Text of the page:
About the Movie "Cold Heaven"

by Robert Godard

"Cold Heaven" features frequent religious iconography.



The film's protagonist is Marie Davenport, a tired housewife who becomes overcome with grief with the death of her husband Dr. Alex Davenport. She finds comfort in Daniel Corvin, a friend of hers who she even begins to fall for. Both the men in her life are smart and caring, but there is something more to them than what is on the surface. Also joining the cast of characters are those who serve as Marie's religious guides, including a priest and a nun.


While vacationing on the beaches of Mexico, Alex and Marie decide to take a paddle boat out off the coast. As they are boating, a series of unfortunate mishaps leads to Alex being declared dead. Before Alex's death, Marie had been ready to leave her husband for Daniel, who she found to be more attentive than her own husband. However, Alex's death makes her feel guilty, and she puts her relationship with Daniel on hold while she attempts to understand her grief.


Marie soon learns that Alex's body has disappeared from the morgue, and she becomes convinced that he is not actually dead. She begins to see visions of Alex appear before her for brief moments and cannot understand what their source may be. She turns to Father Niles and Monsignor Cassidy for help in discovering the secret to her visions. Together, they begin to uncover why she feels so guilty and the true nature of her husband's death.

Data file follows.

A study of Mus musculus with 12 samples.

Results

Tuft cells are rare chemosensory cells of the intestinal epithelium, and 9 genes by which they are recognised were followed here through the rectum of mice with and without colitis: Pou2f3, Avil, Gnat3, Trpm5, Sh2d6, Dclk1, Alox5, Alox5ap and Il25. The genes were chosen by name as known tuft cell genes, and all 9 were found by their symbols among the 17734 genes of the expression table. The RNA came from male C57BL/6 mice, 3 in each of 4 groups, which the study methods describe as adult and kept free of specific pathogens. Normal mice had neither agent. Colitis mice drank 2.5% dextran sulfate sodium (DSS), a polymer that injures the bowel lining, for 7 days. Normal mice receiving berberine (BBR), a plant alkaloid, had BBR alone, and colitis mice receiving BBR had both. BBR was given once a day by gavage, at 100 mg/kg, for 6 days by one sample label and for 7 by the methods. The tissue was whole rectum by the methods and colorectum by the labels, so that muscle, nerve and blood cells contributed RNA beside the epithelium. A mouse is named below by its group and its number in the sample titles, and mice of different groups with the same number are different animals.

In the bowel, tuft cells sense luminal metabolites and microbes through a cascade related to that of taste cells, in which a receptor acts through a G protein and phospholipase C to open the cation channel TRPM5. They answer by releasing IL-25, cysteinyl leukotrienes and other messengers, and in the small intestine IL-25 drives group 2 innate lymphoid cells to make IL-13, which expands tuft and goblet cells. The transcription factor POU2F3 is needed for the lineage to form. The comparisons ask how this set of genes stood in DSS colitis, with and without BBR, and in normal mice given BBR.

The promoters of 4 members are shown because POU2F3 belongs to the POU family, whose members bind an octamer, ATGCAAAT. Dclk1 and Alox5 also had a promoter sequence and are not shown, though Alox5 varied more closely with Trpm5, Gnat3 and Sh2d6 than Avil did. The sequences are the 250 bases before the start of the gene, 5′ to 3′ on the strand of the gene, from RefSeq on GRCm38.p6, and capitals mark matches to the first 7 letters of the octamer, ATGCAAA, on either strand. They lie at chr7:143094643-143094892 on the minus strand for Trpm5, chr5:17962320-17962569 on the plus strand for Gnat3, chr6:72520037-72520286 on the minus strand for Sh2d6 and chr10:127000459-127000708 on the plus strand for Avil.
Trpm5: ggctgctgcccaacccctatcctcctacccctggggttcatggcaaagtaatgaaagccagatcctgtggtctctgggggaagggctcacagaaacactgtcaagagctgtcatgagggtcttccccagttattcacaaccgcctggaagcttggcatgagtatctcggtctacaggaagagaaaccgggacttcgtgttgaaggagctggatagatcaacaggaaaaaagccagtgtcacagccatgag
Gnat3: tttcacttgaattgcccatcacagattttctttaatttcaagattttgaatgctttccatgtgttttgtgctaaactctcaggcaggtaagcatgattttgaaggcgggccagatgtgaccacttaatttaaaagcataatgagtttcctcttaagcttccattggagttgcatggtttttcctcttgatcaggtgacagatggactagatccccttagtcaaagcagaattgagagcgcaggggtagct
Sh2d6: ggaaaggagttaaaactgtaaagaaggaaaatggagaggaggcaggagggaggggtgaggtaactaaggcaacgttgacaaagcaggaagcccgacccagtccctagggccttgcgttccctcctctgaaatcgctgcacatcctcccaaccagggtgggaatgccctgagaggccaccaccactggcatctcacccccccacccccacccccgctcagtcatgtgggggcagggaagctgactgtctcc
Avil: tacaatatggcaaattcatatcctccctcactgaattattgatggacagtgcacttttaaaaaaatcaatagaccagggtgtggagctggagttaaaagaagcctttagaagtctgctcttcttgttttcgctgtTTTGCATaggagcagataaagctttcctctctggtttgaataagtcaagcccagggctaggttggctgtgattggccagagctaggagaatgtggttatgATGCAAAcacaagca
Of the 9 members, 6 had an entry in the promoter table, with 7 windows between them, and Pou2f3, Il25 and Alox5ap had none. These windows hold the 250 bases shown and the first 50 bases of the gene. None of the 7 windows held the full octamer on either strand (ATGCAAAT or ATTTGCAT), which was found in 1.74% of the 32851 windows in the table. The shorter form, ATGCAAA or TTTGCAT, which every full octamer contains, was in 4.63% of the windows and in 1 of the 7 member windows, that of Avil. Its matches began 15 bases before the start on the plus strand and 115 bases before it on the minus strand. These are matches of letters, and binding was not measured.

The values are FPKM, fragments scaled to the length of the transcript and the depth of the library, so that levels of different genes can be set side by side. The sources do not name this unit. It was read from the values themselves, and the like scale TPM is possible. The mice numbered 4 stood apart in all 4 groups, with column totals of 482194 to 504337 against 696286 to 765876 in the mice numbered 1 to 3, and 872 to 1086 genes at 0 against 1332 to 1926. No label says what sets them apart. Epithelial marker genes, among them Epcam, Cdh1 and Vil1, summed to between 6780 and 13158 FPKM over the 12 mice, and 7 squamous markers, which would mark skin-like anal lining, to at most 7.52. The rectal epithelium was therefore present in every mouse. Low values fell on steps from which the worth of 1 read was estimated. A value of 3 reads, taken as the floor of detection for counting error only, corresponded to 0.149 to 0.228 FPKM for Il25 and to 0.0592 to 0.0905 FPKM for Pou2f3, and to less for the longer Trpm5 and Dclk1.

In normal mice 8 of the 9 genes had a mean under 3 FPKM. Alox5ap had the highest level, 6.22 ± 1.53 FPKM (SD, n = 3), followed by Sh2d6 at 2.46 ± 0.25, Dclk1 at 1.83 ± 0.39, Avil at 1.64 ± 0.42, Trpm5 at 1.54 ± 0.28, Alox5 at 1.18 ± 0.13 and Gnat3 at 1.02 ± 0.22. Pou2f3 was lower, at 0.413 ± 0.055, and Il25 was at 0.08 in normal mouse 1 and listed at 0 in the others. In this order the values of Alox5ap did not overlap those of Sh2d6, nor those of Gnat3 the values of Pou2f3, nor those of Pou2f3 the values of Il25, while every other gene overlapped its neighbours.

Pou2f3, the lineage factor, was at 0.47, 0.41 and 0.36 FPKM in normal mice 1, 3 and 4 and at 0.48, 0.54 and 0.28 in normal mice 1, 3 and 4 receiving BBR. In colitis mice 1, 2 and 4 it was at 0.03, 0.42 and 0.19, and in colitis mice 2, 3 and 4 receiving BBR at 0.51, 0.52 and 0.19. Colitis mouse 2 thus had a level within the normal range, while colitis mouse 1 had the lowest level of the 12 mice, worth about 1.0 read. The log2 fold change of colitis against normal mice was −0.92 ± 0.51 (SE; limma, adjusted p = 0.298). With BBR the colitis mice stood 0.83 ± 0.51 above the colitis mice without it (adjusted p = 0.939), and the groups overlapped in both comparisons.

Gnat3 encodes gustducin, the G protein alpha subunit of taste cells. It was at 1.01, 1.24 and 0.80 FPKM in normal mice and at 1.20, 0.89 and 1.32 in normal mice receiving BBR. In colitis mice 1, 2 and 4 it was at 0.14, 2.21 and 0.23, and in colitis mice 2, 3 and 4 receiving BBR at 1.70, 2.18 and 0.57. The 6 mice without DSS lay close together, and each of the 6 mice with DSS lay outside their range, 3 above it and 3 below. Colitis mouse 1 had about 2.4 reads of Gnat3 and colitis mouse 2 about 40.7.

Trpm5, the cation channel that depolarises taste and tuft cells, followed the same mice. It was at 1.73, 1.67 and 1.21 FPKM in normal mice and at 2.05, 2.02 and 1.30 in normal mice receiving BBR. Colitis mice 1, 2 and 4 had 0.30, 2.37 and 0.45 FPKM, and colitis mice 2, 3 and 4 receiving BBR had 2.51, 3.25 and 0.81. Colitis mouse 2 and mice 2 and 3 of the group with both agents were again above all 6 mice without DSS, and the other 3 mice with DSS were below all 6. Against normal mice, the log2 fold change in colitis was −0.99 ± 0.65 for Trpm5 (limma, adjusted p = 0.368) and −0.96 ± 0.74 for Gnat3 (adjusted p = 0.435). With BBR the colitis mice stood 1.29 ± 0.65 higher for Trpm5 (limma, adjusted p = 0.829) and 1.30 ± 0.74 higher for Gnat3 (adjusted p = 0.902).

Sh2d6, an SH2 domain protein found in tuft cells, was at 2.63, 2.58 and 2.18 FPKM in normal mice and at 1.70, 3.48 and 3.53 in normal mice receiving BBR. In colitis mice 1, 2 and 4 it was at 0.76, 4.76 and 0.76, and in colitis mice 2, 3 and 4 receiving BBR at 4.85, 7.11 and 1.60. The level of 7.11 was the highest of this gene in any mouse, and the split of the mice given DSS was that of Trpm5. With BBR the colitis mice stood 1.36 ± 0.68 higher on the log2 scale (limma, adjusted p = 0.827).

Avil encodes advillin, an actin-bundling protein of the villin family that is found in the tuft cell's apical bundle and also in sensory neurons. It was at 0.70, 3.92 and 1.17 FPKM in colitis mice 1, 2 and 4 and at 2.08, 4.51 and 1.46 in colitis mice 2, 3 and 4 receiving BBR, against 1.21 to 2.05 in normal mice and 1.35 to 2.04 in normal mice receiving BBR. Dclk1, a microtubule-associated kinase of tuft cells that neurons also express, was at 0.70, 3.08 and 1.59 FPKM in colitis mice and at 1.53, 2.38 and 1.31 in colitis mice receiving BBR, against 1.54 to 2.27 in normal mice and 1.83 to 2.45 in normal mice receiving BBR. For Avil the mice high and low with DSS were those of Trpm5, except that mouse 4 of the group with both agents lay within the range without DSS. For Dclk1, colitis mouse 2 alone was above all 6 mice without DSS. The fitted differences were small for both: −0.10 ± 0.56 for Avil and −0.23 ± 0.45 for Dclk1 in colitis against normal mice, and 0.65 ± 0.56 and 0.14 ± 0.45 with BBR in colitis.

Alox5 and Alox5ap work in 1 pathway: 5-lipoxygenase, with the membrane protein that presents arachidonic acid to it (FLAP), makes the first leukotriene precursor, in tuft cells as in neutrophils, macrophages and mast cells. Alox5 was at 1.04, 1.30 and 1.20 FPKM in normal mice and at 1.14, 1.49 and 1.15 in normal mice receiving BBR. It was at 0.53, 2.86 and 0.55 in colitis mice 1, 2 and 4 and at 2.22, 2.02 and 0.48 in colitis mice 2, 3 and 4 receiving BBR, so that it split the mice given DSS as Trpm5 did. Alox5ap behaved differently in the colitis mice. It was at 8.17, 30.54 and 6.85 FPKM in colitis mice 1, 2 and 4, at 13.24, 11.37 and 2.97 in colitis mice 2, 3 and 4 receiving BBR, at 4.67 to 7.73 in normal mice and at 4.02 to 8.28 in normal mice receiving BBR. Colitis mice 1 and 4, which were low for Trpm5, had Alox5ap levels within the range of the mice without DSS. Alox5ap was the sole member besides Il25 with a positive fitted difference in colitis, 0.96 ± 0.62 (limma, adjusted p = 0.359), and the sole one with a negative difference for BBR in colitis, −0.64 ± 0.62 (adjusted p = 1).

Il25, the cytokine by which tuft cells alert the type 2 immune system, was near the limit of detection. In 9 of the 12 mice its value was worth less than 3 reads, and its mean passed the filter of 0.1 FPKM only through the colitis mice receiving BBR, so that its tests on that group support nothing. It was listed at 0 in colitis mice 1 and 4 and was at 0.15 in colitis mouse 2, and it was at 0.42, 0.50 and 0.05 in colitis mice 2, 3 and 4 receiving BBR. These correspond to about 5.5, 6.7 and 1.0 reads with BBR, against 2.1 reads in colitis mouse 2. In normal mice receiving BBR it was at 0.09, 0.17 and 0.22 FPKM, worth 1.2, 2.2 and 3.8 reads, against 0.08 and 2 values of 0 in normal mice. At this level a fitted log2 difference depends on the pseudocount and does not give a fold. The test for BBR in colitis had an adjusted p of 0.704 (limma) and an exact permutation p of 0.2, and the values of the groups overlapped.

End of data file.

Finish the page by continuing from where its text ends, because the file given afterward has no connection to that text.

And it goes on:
Religious Themes

The film "Cold Heaven" incorporates many religious themes into the film, including religious iconography, such as crosses and rosaries seen in many of the film's settings. The film also includes several religious characters who press Marie to find the answers to her questions in God. Marie's visions also parallel those had by Saint Bernadette in the mid-19th century, who throughout her life had premonitions of those who had passed away.

About the Author

Robert Godard began writing in 2007 for various creative blogs and academic publications. He has been featured on multiple film blogs and has worked in the film industry. He attended Baltimore College, earning his B.A. in history.